This year, the world and, in particular, developing countries and the poor have been hit by both food and energy crises. As a consequence, prices for many staple foods have risen by up to 100 per cent.
When we examine the causes of the food crisis, growing population, changes in trade patterns, urbanisation, dietary changes, biofuel production, and climate change and regional droughts are all responsible. Thus, we have a classic increase in prices due to high demand and low supply. However, few commentators specifically mention the declining availability of water that is needed to grow irrigated and rainfed crops.
According to some, the often mooted solution to the food crisis lies in plant breeding that produces the ultimate high yielding, low water-consuming crops. While this solution is important, it will fail unless attention is paid to where the water for all food, fibre and energy crops is going to come from.
The causes of water scarcity are essentially identical to those of the food crisis. There are serious and extremely worrying factors that indicate water supplies are close to exhaustion in some countries. Population growth in the next approximately 40 years will see an increase from 6.5 to up to 9.0 billion. Essentially every calorie of food requires a litre of water to produce it. Therefore, on average we require 2,000-3,000 litres of water per person to sustain our daily food requirements.
We will have 2.5 billion extra mouths to feed by 2050 and will need to find at least 2,000 cubic kilometers more water annually to grow our food. This is no easy task given that it is over double what is currently used in irrigation and given that the availability of new fertile land in humid areas for rainfed farming is extremely limited.
Recent detailed investigations as part of the Comprehensive Assessment of Water Management in Agriculture have indicated that we will not be able to produce all the food, feed and fibre required in 2050 unless we improve the way we manage water.
A few years ago, IWMI (International Water Management Institute) demonstrated that many countries are facing severe water scarcity, either as a result of a lack of available freshwater, or due to a lack of investment in water infrastructure such as dams and reservoirs. What makes matters worse is that this scarcity predominantly affects developing countries where the majority of the world’s undernourished people (approximately 840 million) live.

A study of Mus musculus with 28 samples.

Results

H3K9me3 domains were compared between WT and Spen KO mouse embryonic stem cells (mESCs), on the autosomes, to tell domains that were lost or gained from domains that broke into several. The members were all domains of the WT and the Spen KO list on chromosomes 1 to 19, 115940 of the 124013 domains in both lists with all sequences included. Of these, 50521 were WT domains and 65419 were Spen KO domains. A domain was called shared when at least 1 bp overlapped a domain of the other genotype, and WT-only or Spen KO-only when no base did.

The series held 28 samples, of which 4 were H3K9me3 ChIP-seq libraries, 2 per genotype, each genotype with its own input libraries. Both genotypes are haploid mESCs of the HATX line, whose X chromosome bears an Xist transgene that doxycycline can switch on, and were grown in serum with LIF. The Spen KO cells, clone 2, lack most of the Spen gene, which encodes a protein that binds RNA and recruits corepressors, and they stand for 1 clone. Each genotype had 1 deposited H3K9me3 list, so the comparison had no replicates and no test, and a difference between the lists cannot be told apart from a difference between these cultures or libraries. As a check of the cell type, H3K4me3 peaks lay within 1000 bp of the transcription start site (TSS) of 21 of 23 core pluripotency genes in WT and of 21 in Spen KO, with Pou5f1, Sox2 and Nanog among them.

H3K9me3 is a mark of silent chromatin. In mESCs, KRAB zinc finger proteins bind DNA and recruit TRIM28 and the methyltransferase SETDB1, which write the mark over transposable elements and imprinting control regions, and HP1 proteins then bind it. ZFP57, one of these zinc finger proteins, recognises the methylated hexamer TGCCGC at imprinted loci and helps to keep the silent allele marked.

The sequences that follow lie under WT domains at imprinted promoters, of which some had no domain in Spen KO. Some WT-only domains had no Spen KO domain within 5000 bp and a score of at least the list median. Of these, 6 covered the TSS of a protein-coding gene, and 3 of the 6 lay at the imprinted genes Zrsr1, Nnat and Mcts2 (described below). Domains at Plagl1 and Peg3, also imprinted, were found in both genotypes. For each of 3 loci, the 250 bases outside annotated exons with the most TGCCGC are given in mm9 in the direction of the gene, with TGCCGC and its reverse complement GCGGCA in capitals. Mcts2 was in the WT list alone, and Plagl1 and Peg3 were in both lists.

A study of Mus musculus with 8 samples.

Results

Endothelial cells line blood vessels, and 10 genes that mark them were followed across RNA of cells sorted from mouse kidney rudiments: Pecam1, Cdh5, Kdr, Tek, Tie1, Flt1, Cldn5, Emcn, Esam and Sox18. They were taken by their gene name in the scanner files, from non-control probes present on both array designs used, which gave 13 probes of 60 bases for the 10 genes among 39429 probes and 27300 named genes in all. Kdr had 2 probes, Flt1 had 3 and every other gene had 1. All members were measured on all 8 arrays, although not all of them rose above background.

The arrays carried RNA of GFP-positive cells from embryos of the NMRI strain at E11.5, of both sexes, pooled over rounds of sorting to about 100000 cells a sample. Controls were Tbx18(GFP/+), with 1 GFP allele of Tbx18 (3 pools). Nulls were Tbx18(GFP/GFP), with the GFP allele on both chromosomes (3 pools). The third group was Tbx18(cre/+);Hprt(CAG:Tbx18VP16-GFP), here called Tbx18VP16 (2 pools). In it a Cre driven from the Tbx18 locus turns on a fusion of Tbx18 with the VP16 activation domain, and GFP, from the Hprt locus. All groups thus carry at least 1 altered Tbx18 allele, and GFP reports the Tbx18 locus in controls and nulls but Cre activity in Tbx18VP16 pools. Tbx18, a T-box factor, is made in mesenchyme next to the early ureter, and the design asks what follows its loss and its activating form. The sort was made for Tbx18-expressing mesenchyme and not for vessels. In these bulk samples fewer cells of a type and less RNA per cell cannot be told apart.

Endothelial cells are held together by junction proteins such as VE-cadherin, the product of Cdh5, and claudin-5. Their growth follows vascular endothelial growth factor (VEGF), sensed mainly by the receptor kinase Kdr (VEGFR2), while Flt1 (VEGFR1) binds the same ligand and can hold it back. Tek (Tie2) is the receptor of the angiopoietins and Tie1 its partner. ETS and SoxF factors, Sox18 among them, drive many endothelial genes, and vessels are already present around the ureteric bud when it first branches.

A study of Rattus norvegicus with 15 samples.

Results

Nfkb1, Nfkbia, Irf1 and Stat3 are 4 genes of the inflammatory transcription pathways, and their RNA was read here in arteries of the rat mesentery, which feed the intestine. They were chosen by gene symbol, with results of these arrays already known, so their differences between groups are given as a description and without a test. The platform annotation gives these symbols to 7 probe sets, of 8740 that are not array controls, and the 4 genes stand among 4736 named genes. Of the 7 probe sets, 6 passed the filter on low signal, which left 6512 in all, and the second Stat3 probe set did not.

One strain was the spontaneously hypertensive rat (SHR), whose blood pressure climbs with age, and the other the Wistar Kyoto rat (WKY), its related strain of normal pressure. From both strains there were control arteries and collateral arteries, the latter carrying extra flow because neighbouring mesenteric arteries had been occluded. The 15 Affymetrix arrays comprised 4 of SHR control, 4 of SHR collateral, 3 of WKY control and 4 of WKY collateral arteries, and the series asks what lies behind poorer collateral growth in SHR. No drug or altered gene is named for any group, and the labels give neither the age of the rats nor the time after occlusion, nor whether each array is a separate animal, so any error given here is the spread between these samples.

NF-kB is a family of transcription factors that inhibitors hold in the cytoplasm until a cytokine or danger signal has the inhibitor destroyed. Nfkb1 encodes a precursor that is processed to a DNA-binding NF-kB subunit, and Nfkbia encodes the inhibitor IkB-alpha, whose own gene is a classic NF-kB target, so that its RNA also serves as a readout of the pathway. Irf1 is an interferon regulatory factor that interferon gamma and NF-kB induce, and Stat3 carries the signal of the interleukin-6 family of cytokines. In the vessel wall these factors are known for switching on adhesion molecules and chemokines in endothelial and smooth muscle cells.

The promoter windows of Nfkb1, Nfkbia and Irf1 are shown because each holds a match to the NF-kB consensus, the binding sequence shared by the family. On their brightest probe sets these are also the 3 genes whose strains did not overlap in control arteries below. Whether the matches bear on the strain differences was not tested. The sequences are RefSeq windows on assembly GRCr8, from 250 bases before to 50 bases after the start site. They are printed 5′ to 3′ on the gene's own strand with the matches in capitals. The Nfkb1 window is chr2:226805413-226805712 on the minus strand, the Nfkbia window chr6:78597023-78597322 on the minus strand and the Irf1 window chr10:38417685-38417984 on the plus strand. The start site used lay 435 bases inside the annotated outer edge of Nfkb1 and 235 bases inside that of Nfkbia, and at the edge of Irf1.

However, there are potential solutions. These include more water storage, improved management of irrigation systems and increasing water productivity (e.g., more kg of crop per 1,000 litres of water) in irrigated and rainfed farming systems. All of these will require investment in knowledge, infrastructure and human capacity. Better water storage has to be considered.
Ethiopia, which is typical of many sub-Saharan African countries, has a water storage capacity of 38 cubic metres per person. In contrast, Australia has almost 5,000 cubic metres per person, an amount that in the face of current climate change impacts may be inadequate. While there will be a need for new large and medium-sized dams to deal with this critical lack of storage in Africa, other simpler solutions are also part of the equation. These include the construction of small reservoirs, sustainable use of groundwater systems including artificial groundwater recharge and rainwater harvesting for smallholder vegetable gardens.
Improved year-round access to water will help farmers maintain their own food security using simple supplementary irrigation techniques. The redesign of both the physical and institutional arrangements of some large and often dysfunctional irrigation schemes will also bring the required productivity increases.
Safe, risk free reuse of wastewater from growing cities will also be needed. Of course, these actions need to be paralleled by development of drought-tolerant crops, and the provision of infrastructure and facilities to get fresh food to markets.
Since the formulation of the UN Millennium Development Goals early this century, much of the water agenda has been focused on the provision of drinking water and sanitation. This water comes from the same sources as agricultural water and as we urbanise and improve living standards there will be increasing competition for drinking water from domestic and other urban users, putting agriculture under further pressure.
While improving drinking water and sanitation is vital with respect to health and living standards, we cannot afford to neglect the provision and improved productivity of water for agriculture.
Current estimates indicate that we will not have enough water to feed ourselves in 40 years time, by when the current food crisis may turn into a perpetual crisis. Just as in other areas of agricultural research and development, investment in the provision and better management of water resources has declined steadily since the green revolution. My water science colleagues and I are raising a warning flag that significant investments in both R&D and water infrastructure development are needed, if dire consequences are to be avoided.